Cybercrime , Fraud Management & Cybercrime

Illicit Credentials Marketplace Admin Gets 42-Month Sentence

More Than 350,000 Credentials Were Likely Listed for Sale on the Marketplace
Illicit Credentials Marketplace Admin Gets 42-Month Sentence
An administrator of a defunct stolen credential marketplace received a 42-month prison sentence in U.S. federal court. (Image: Shutterstock)

A co-administrator of an illicit online marketplace received a 42-month prison sentence in U.S. federal court after pleading guilty to two criminal counts that could have put him in prison for 15 years.


The Moldovan national pleaded guilty on Dec. 1, 2023, in a Tampa, Florida, federal court room under a plea agreement that limited his criminal exposure to one count of conspiracy to commit computer and access device fraud and one count of possession of at least 15 unauthorized access devices. Prosecutors said they would seek far less than the maximum sentence in exchange for Diaconu's cooperation.

Prosecutors said the E-Root marketplace likely listed more than 350,000 credentials for sale. Customers could browse the credentials on sale by criteria such as the country, region or ZIP code of a compromised server or the underlying operating system.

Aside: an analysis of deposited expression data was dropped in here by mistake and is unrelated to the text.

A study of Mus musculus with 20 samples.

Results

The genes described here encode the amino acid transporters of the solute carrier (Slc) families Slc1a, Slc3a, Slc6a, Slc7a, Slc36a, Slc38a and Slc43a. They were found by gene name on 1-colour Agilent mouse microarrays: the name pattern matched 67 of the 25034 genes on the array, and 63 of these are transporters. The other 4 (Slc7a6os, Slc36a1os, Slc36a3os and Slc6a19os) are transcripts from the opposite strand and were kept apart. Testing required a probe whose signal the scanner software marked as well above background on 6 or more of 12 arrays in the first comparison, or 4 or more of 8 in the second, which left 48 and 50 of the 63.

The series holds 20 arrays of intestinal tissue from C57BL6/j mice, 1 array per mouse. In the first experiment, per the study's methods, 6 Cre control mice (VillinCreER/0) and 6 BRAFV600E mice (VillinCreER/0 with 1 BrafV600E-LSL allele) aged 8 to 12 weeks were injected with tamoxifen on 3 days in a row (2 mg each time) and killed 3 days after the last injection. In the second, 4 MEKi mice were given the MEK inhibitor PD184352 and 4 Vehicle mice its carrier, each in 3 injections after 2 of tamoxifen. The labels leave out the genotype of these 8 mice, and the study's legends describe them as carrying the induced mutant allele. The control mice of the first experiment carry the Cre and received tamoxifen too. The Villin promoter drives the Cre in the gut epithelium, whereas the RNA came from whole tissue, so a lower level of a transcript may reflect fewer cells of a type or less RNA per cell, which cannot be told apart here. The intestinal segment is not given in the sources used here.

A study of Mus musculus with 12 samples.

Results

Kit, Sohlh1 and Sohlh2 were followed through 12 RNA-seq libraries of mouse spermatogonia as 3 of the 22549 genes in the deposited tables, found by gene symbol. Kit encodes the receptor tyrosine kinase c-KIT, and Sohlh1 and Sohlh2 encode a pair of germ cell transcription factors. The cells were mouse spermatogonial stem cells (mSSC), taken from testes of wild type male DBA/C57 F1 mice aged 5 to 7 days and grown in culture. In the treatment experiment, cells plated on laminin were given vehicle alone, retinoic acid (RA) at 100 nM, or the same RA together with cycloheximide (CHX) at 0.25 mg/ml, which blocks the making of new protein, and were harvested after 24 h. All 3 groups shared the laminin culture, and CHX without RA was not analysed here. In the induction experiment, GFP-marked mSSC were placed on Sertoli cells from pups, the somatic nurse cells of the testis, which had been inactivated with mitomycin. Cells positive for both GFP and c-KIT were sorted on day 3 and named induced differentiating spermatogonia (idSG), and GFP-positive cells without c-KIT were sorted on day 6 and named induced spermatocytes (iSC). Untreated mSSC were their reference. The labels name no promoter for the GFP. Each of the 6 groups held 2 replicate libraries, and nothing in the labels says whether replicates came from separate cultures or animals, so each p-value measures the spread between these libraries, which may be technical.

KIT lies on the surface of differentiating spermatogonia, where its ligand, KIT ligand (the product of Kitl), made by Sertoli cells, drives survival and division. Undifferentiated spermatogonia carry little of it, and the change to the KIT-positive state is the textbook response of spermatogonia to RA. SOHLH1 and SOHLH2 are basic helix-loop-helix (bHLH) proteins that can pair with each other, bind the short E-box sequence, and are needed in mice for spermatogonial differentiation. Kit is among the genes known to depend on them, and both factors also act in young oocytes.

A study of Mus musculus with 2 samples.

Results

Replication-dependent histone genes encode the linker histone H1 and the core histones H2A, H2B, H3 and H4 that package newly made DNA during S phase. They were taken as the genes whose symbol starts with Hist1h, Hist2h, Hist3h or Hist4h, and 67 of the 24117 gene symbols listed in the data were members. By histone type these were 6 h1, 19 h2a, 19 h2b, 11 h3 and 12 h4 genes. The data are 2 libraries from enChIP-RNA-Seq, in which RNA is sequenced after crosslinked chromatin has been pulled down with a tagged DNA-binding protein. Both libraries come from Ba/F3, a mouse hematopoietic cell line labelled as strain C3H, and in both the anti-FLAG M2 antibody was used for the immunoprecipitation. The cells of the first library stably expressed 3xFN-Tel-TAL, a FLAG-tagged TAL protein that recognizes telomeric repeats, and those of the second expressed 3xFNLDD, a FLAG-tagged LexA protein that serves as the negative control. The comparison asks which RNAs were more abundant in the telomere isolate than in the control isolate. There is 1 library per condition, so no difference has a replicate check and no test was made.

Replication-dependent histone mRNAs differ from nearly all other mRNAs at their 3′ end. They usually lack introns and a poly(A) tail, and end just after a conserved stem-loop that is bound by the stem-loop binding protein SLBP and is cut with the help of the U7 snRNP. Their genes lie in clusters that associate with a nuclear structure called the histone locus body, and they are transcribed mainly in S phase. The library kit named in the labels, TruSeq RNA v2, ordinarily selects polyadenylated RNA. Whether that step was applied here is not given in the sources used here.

Diaconu initially pleaded not guilty at his first court appearance following his extradition from the United Kingdom on Oct. 13, 2023. British authorities arrested Diaconu when he attempted to leave the country in May 2021. He fought extradition to the United States until September 2023, the U.S. Department of Justice said at the time.

Customers used the credentials for a wide range of criminal activity including ransomware attacks, fraudulent wire transfers and tax fraud. The illicit marketplace operated across a distributed network and gained popularity for its measures to hide the identities of buyers and sellers. It used an online payment system called Perfect Money and offered a separate illicit cryptocurrency exchange service for converting bitcoin to Perfect Money and vice versa. Authorities seized the exchange in 2020.


About the Author

Mihir Bagwe

Mihir Bagwe

Principal Correspondent, Global News Desk, ISMG

Bagwe previously worked at CISO magazine, reporting the latest cybersecurity news and trends and interviewing cybersecurity subject matter experts.